Tuesday, July 26, 2011

Tour of Student Field Placements- I

Some of my best times in Uganda have been with medical students during their rural field placements. They spend about 6 weeks in remote health centers following a short orientation. Over the years the program has grown and improved. Recently field supervisors drawn from the health centers were recruited and attended a week-long leadership training workshop. I attended for one day and found the facilitators excellent and the group energetic. Although as busy managers and clinicians in rural centers they have little time to spend with the students, they were interested and committed. Involving them as field preceptors seems a great way to strengthen the service in rural centers.

For the past several years, the university has made the field placements multidisciplinary so the medical students have been joined by laboratory science, nursing and most recently pharmacy students.

I started staying for days and even weeks at a time with students at one of the sites where the health workers for our project are also trained as there is accommodation for trainers. When we were doing interactive training in Child Health, we would include the students in some of the sessions. Three of the Level IV health centers used as field sites for students had groups of the community health workers I help to train attached, so I was able to spend some time at each of the three sites. It helped that our child health project had an interest in developing a way for students to learn about and to appreciate the work of community health workers. Some of us also felt that involvement with the student teaching at the health center was a way to improve the quality of service provided in rural health centers.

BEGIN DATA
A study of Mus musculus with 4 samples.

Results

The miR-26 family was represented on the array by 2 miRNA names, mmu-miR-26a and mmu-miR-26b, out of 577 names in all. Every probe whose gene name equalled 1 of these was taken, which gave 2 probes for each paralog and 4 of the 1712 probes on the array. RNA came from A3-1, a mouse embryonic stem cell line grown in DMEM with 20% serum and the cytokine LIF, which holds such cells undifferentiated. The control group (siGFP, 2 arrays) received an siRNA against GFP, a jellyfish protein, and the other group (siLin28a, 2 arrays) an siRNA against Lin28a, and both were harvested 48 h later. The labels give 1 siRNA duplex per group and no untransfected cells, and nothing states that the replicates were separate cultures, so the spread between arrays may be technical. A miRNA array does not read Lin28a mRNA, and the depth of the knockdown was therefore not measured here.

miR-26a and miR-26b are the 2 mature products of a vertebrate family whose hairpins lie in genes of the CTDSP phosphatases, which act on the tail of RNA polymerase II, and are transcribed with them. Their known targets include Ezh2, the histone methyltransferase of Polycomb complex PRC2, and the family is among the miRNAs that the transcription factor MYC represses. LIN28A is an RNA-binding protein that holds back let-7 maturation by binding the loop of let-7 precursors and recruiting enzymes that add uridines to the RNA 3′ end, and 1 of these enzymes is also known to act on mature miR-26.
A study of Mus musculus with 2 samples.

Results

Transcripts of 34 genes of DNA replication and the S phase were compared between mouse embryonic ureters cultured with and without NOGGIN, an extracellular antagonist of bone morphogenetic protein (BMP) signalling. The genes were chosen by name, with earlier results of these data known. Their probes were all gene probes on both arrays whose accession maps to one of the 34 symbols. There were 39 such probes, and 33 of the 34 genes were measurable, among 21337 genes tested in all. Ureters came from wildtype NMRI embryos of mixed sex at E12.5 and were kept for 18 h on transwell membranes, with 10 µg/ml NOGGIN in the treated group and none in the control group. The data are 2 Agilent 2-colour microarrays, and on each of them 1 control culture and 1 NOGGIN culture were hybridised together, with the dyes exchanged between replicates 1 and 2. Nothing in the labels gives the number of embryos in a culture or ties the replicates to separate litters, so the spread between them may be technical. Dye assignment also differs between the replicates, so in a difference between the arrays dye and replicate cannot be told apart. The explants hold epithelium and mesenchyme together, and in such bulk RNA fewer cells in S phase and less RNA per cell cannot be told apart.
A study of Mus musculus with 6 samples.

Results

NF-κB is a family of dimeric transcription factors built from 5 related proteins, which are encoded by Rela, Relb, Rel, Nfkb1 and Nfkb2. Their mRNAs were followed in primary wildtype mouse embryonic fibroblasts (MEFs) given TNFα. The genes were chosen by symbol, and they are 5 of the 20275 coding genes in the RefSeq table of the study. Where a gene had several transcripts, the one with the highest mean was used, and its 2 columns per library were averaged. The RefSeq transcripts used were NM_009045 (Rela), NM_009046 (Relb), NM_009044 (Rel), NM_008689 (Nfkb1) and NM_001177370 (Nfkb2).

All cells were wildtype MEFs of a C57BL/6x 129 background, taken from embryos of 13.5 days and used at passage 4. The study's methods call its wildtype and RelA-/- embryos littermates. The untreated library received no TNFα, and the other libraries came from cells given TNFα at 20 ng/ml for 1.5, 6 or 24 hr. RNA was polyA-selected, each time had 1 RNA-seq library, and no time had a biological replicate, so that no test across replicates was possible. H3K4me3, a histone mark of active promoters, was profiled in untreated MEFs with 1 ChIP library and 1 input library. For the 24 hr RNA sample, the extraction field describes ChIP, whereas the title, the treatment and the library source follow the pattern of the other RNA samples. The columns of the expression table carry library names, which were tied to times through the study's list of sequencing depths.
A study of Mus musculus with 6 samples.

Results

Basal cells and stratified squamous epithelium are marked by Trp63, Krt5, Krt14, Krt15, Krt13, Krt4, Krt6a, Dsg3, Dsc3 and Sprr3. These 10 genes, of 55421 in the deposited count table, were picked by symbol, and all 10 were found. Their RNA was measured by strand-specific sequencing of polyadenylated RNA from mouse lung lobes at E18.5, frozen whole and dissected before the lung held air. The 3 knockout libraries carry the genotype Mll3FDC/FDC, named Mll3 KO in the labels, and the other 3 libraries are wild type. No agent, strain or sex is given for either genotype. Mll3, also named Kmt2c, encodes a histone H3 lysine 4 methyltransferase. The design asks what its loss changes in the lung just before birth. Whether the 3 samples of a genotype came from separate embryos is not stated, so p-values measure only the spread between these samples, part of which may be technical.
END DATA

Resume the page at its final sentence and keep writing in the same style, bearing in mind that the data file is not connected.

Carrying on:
The Dean, Associate Dean and the Head of Community Medical Education have been actively involved in and committed to improving the field experience and using as a way to influence future practitioners, coming up with the idea of involving field preceptors, providing leadership training and revising the curriculum.

It isn’t always possible to combine my visits to Uganda at the same time as the field placements but when it has proved possible, it is always a highlight. Over the years I have been pulling together a number of interactive training sessions related to community health in Uganda that can be delivered on site. Topics include specific areas students request such as Community Entry as well as topics the Coordinators ask for such as Community Participation and even issues I feel need more of a community and preventive approach such as Motor Vehicle Accidents.

The response from the students has been very positive. One group said they all wanted to do community medicine after the week. I had to assure them that that wasn’t my intent and I would be happy if in whatever field they chose, they took a more preventive and community approach. Some of the success of these interactive sessions is likely due to the contrast it provides to their past exposure to rote learning and to the isolation they often feel in the field. Even a modicum of the mild amalgam of challenge and direction that is provided by participatory training seems to combine to light nascent flames of interest and excitement. But whatever the reason for their enthusiasm, it is a delight to work with them.

To be continued in the next blog.

Photos: the line up at the Rubanda water pump; student groups at Rubanda work on action steps of development; participation ladder with Bukindi students; Muko group in front of the new building.